Port Moon Fishery
Stones of Giants
A stone's throw from Dunseverick Castle, capital of the ancient kingdom of Dalriada, and nestled amongst the majestic basalt cliffs of the Giants Causeway lies the Port Moon Fishery. For thousands of years men of the Causeway Coast have harvested the Atlantic Ocean from Port Moon Bay .
Seaweed in the form of Kelp was gathered from the shore, dried along stone walls and then hoisted up the cliff, using winches, for later use either on the fields as fertiliser or for various industrial processes ranging from photography, Ice Cream to Glass manufacture.
Baited long lines were used for deep sea fishing for Cod and Plaice. Crabs and Lobsters were caught in pots dropped near the shore, but the prized catch of Port Moon was the Atlantic Salmon. Nets fastened to the nearby rocks attempted to intercept them as they completed their epic migration from the far reaches of the Atlantic Ocean. After journeying thousands of miles, the Salmon return to these waters, swimming close by the coast as they seek out the river of their birth for spawning.
Numbers of Salmon caught at Port Moon varied hugely from year to year with 1926 and 1962 being particularly good years as over 8000 Salmon were landed from the two nets that were fixed at the edge of the bay. However pollution, increasingly intensive offshore drift net fishing and the explosion of the Seal population over the last few decades have all caused a steady decline in Atlantic Salmon stocks until netting at Port Moon ground to a halt in 2002.
Dwindling fish stocks and the changing patterns of industry have rendered the once busy bay quiet and empty. Only the sounds of nature can be heard with no one venturing down the path that winds down the cliff to the shores below except for the odd stray rambler.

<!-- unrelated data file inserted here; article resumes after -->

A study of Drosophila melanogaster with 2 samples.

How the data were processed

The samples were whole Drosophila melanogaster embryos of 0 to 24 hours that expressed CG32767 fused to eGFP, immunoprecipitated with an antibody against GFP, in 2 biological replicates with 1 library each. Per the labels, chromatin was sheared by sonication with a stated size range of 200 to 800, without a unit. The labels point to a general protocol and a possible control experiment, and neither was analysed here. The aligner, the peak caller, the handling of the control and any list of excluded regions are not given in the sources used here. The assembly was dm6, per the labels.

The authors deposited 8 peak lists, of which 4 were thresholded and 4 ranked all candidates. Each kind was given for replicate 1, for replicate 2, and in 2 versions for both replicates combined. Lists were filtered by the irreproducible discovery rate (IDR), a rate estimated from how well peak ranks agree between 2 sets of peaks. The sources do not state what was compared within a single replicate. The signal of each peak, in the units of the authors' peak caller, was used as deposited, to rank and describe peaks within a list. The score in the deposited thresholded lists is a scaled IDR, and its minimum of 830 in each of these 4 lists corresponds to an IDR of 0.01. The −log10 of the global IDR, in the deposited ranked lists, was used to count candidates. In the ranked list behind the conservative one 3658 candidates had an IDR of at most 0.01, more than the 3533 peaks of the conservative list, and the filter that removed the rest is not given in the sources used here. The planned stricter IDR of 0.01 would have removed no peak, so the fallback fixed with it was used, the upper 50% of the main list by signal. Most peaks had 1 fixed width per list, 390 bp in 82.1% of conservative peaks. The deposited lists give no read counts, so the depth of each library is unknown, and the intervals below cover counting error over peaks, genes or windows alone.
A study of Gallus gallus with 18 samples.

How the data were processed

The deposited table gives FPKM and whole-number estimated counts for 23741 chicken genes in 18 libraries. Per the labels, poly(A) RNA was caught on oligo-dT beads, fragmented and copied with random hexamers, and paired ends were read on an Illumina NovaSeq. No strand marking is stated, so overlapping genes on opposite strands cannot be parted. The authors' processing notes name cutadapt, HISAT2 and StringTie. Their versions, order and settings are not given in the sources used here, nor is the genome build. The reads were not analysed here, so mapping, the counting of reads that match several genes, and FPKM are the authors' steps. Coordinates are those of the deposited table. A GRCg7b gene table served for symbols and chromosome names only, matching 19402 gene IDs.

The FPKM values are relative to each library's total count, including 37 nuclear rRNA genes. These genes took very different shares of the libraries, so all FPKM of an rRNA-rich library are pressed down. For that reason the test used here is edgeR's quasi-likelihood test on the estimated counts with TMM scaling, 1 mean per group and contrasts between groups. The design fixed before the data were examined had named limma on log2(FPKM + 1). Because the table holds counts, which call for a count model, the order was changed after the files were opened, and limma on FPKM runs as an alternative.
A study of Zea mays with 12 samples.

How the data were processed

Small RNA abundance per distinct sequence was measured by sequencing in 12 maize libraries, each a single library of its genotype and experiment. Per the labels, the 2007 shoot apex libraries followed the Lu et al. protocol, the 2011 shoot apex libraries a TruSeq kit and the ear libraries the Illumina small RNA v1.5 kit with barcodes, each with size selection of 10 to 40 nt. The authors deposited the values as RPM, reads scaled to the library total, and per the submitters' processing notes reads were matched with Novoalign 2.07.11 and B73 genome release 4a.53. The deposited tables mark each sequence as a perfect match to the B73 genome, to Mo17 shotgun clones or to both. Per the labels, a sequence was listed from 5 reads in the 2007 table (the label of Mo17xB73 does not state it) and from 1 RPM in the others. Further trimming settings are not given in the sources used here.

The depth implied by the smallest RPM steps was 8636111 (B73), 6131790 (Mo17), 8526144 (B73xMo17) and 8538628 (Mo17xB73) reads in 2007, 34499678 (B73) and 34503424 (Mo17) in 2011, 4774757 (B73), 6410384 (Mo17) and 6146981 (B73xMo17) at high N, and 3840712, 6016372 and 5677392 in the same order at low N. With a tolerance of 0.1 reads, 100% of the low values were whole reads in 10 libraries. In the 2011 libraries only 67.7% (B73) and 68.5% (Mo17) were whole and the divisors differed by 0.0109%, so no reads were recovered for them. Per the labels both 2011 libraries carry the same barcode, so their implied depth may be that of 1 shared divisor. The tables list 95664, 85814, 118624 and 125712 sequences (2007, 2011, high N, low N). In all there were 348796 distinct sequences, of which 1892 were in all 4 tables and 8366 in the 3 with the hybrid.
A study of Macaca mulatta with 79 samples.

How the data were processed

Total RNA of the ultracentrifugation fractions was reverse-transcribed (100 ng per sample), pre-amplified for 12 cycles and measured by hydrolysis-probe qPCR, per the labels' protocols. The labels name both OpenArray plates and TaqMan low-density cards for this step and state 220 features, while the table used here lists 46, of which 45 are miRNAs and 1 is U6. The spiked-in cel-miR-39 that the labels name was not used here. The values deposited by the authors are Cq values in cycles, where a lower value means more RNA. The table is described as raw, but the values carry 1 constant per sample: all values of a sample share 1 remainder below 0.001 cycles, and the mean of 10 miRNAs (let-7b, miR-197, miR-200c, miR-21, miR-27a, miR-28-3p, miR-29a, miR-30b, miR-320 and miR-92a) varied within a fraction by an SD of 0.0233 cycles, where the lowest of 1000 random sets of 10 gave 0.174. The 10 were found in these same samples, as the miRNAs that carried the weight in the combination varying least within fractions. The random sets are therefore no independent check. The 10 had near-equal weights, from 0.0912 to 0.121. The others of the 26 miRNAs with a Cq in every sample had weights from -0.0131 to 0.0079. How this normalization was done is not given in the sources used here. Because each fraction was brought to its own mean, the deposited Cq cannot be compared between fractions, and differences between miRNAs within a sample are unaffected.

Clues to the former maritime industry are littered around Port Moon Bay; Stone walls once used to dry the Kelp, tall wooden poles from which the salmon nets were laid out to dry, heaps of decaying Lobster pots and a rusty old winch that used to haul out of the sea the Drontheims and Cobles, traditional fishing boats of the North Antrim coast.
Drontheims derive from Viking vessels that sailed from Scandinavia in the 8th century and have left clearly visible indents at the bottom of the cliff called Nausts, where the boats were once hauled out of reach of the seas below.
At the top of the cliff sits a substantial ice house that was used to store the Salmon before they were sent off to foreign markets and down in the Bay is an older ice house with its stone vaulted roof now collapsed. The nerve centre of the fishing operation in Port Moon for well over a hundred and fifty years was The Fish House, a stone building that housed all the equipment used to work the Salmon nets as well as serving as a refuge bothy for the fishermen.